The president surprised Republicans and Democrats last Tuesday when he threatened not to sign the coronavirus relief bill - which includes extending special unemployment benefits... after the House and Senate passed the legislation with overwhelming bipartisan support.

Trump on Saturday tweeted: "I simply want to get our great people $2000, rather than the measly $600 that is now in the bill. Also, stop the billions of dollars in “pork.'"

Trump has complained that the $600 one-time stimulus check for millions of Americans were too small and that the bill doles out too much money to special interests, cultural projects and foreign aid. While many economists agree the aid isn’t enough, they say immediate financial support is a must.

Without the president's signature, about 14 million people stand to lose those extra unemployment benefits, according to Labor Department data. And unless Congress can agree on a stop-gap government funding bill, a partial government shutdown will begin on Tuesday.

Trump, who is scheduled to remain at his Mar-a-Lago resort in Florida, has not vetoed the bill, and could still sign it in coming days.

Democratic Congressman Don Beyer told CNN if Trump signed the bill Saturday it would mean, quote, "that the people on pandemic unemployment insurance, which runs out today, get to keep it."

Congress, which normally is adjourned the last week of December, will be preparing to return to work. The Democratic-controlled House plans to vote on legislation providing one-time, $2,000 checks to individuals.

Video Transcript

- Millions of Americans are about to see their jobless benefits expire Saturday, as US President Donald Trump has so far refused to sign a $2.3 trillion pandemic relief and spending package, arguing it did not do enough to help everyday people. The president surprised Republicans and Democrats last Tuesday when he threatened not to sign the coronavirus relief bill, which includes extending special unemployment benefits. After the House and Senate passed the legislation with overwhelming bipartisan support.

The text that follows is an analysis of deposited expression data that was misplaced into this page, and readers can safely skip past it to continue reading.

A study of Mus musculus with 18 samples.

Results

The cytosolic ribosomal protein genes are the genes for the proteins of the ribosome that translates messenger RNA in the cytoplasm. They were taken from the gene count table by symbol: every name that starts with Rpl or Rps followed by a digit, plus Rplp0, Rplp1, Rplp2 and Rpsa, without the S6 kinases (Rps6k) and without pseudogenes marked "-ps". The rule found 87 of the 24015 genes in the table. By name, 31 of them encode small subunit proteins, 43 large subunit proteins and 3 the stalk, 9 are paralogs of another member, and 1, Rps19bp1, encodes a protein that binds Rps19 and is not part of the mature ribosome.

Trump, on Saturday tweeted, I simply want to get our great people $2000 rather than the measly $600 that is now in the bill. Also, stop the billions of in pork. Trump has complained that the $600 one time stimulus check for millions of Americans were too small and that the bill doles out too much money to special interests, cultural projects, and foreign aid.

While many economists agree the aid is not enough, they say immediate financial support is a must. Without the president's signature, about 1.4 million people stand to lose those extra unemployment benefits according to Labor Department data. And unless Congress can agree on a stopgap government funding bill, a partial government shutdown will begin on Tuesday.

Trump, who is scheduled to remain at his Mar-a-Lago resort in Florida, has not vetoed the bill and could still sign it in coming days. Democratic Congressman Don Beyer told CNN, if Trump signed the bill Saturday, it would mean quote, "that the people on pandemic unemployment insurance, which runs out today get to keep it." Congress, which normally is adjourned the last week of December, will be preparing to return to work. The Democratic controlled House plans to vote on legislation providing one time $2,000 checks to individuals.